I read this morning in an article published by Variety how Mindy Hamilton, head of global partnerships at Marvel Entertainment, addressed why the company hasn’t gotten too involved in virtual reality during Variety's Massive Summit “State of the Entertainment Franchise” panel.
“You’d be surprised,” Hamilton said, “Marvel has been very cautious about getting into that because there’s really bad VR out there and the really good VR is super, super expensive and it takes a really, really long time and you want to make sure that it’s not a passive experience. If you’re doing VR, you want to make sure that it’s interactive, that it’s super engaging, that it pulls you along, it’s active. I think the best example where we dipped our toe into it was in our games division, where we partnered with Oculus and we knew, fans wanted that opportunity to be able to step inside and be Iron Man for a moment, or take on Hulk or take on Thor.”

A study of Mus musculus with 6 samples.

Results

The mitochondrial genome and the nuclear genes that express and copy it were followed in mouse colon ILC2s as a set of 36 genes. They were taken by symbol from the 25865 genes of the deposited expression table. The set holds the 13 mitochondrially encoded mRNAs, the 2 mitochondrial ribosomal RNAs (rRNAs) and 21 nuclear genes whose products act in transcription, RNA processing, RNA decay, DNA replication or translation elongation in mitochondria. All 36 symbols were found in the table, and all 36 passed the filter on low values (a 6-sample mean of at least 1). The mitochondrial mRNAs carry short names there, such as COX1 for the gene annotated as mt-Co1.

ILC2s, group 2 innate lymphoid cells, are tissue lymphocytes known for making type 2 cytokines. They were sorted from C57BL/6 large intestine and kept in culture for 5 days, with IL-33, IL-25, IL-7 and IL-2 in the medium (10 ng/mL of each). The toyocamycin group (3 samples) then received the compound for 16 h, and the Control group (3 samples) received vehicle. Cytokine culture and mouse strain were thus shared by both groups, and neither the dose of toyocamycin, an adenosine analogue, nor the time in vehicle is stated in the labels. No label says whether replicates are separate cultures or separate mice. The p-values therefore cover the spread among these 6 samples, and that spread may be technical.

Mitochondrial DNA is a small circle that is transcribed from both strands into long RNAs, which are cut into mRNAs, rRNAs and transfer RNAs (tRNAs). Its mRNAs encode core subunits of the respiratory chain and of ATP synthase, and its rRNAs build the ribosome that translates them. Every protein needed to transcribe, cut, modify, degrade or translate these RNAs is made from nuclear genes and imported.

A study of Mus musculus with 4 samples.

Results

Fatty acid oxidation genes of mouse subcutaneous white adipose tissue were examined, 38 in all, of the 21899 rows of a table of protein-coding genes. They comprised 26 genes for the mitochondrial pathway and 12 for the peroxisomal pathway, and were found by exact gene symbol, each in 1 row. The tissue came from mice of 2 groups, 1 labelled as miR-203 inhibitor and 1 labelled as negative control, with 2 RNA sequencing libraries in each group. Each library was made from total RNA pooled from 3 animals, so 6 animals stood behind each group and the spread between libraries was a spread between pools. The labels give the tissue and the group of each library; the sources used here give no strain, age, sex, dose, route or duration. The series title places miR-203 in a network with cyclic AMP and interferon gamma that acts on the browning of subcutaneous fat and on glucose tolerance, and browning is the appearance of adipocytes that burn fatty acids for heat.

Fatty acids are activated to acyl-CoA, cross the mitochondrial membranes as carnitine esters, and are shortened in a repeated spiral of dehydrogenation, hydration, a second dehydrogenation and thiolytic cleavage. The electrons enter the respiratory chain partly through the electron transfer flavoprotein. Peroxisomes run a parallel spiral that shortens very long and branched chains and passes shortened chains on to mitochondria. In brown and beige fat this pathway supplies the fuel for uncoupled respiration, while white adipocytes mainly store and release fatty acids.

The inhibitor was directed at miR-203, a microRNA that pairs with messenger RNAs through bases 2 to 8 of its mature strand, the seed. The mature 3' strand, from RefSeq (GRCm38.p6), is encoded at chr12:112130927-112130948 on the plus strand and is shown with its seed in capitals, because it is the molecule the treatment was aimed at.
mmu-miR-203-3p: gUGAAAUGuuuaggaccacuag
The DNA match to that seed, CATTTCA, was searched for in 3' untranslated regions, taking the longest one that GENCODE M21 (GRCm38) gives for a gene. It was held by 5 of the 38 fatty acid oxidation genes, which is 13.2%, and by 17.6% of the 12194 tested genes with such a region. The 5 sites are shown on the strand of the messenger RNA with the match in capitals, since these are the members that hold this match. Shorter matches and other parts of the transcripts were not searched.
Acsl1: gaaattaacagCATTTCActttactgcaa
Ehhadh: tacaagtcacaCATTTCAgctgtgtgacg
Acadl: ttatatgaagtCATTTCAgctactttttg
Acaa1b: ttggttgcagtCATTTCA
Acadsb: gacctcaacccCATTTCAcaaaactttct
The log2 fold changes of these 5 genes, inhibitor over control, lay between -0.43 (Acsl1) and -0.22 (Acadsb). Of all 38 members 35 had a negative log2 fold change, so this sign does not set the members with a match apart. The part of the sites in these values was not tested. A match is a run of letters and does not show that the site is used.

It's disheartening to read that interactivity is what Marvel, and maybe the entire Hollywood industry, think VR is about. It's as if they were telling us that great cinema is all about special effects and not about the plot, great French cuisine about the cutlery and not about the taste, great music about the mix and not about the melody.
No, Marvel, presence is not something that can be only be achieved by stepping in the shoes of Iron Man. Great VR is not all about interactivity or about money; it's about great stories that are relevant to (and make the most of) the immersive quality of the media.
It is more than time for Hollywood to reassess what storytelling is about, and to understand that VR is not just another techie gimmick, but a new art form.